Floodplains Come Alive Through Storytelling

By Heather Cole


When I think of rivers an idealistic picture comes to mind. An image of water flowing from steep snow-capped mountains, meandering through valleys and forests and then finally emptying into the brackish waters of Puget Sound.  But beyond this idealistic view, rivers bring us joy and turmoil and are the source of infinite stories. Stories that talk about how these rivers and floodplains impact our livelihoods and our way of life.

Storytelling is a bit out of the ordinary for floodplain managers and scientists. For me, I have a degree in Biology and was taught to share information in more traditional ways – facts, figures, PowerPoints, you get the drift.

But what we know from research is people remember stories better than they do facts and figures. Stories can help us hear the perspectives of the “other”. Stories enable us to be better listeners, give us new ways of problem solving and create empathy.

We brought together scientists, managers, tribal representatives and landowners alike for a storytelling workshop that focused on learning the key ingredients for telling a compelling story. Then this cohort of twenty storytellers from across the state crafted and wrote their own stories of living or working in the floodplain.

This spring the storytellers showcased their stories at the Floodplains by Design workshop. Their peers gathered around them to hear their stories, give feedback and learn more about the craft of storytelling. Ron Geatz, TNC’s strategic storyteller and coach said “We push data and information out, but we pull the audience in by telling a story. The goal as a storyteller is not to tell the audience everything, but to tell them just enough to engage them in wanting to learn more.”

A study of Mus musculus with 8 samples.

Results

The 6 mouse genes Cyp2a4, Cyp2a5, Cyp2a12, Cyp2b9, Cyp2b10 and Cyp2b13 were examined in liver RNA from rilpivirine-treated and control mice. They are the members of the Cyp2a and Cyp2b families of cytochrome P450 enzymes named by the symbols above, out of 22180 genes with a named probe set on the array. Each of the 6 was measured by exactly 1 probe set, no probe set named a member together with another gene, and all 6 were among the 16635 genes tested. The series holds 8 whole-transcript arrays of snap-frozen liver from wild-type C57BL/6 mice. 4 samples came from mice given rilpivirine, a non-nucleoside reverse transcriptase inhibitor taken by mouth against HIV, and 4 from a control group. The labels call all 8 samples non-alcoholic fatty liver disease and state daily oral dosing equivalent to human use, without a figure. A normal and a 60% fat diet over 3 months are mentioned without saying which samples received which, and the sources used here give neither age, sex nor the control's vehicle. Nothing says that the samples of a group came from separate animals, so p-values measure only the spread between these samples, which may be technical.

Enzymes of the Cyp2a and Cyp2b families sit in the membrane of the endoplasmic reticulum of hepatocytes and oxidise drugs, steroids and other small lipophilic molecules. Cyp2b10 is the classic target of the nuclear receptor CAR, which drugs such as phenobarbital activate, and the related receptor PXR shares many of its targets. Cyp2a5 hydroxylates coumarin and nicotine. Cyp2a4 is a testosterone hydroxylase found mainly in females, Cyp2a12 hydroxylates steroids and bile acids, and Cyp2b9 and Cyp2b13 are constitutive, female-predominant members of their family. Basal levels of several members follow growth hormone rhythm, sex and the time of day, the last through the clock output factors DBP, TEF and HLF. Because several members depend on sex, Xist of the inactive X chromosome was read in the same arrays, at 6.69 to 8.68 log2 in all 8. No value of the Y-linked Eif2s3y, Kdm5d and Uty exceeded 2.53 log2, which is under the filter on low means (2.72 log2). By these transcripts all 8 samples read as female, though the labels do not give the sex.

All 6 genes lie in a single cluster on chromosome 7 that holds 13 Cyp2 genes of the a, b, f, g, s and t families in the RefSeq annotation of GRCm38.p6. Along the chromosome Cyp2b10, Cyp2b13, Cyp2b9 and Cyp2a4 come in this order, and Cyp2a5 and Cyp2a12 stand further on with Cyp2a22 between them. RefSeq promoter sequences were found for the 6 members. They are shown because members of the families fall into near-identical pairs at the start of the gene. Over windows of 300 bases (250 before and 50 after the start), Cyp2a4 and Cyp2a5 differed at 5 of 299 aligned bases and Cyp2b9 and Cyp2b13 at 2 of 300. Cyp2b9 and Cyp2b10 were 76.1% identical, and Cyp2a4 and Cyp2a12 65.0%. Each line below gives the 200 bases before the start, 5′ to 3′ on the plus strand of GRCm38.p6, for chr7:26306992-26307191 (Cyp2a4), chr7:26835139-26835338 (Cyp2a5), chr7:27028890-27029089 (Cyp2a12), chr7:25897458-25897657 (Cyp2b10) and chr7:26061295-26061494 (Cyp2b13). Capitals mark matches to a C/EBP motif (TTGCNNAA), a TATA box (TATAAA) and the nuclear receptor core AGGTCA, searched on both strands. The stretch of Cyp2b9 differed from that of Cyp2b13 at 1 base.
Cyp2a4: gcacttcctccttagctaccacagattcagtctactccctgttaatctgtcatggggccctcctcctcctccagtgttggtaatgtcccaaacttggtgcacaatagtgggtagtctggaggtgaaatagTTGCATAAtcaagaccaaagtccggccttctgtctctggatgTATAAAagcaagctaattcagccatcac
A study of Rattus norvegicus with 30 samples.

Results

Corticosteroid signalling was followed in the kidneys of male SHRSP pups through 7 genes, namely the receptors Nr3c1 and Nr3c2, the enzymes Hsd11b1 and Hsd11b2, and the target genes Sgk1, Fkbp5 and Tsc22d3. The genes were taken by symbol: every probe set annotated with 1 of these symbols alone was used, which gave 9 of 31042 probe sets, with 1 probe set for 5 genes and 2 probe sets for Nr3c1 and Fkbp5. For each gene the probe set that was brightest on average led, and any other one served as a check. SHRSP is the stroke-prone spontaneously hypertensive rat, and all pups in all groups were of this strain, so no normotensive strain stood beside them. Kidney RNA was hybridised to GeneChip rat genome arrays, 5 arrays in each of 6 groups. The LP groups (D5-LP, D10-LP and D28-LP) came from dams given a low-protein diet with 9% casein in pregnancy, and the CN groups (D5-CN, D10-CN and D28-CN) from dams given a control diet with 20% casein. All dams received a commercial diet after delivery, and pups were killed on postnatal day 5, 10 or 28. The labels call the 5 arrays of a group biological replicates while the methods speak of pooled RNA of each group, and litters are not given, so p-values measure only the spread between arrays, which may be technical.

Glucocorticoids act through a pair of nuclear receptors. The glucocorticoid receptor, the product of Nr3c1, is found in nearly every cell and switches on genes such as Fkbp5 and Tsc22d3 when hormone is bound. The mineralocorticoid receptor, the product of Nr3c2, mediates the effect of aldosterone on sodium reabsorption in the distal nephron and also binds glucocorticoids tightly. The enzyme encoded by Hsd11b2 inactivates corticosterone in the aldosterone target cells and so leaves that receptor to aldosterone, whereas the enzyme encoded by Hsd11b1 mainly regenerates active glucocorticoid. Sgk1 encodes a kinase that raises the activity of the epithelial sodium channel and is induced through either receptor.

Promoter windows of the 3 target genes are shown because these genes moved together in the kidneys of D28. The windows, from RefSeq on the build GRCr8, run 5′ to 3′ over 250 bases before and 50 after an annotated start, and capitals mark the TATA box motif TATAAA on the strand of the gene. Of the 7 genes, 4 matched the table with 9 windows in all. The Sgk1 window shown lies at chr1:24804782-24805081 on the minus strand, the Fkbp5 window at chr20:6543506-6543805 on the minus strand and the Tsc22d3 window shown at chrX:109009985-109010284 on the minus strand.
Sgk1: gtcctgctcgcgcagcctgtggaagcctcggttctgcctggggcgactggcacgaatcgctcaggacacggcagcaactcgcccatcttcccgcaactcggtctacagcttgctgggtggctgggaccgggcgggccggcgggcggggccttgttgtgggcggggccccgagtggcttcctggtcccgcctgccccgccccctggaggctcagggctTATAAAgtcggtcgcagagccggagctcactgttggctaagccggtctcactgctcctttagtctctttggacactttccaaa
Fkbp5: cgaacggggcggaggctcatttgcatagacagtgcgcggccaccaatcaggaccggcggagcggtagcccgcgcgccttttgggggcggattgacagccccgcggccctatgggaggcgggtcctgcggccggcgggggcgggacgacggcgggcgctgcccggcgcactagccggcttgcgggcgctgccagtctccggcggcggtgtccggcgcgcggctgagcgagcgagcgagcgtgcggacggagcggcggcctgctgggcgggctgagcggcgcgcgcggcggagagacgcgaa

The stories that were shared were far reaching. Some stories talked about the struggle of relocating landowners in flood prone homes. Others talked about farmers trying to make a living on a disappearing floodplain or the twenty years of patience and persistence it takes to restore estuarine habitat – critical for salmon recovery.

Cathy Lear, Clallam County Habitat Biologist and storyteller, said that “Working on a story and sharing it was very challenging. Although after the process I am more curious about other people’s stories and where people are coming from at a deeper level.”

One thing the stories all had in common was a desire to try something different and a desire to work with unconventional partners. All the stories talked about a challenge that was being overcome, one step at a time.

Interested in learning more about the complexities of integrated floodplain management? Check out the stories here!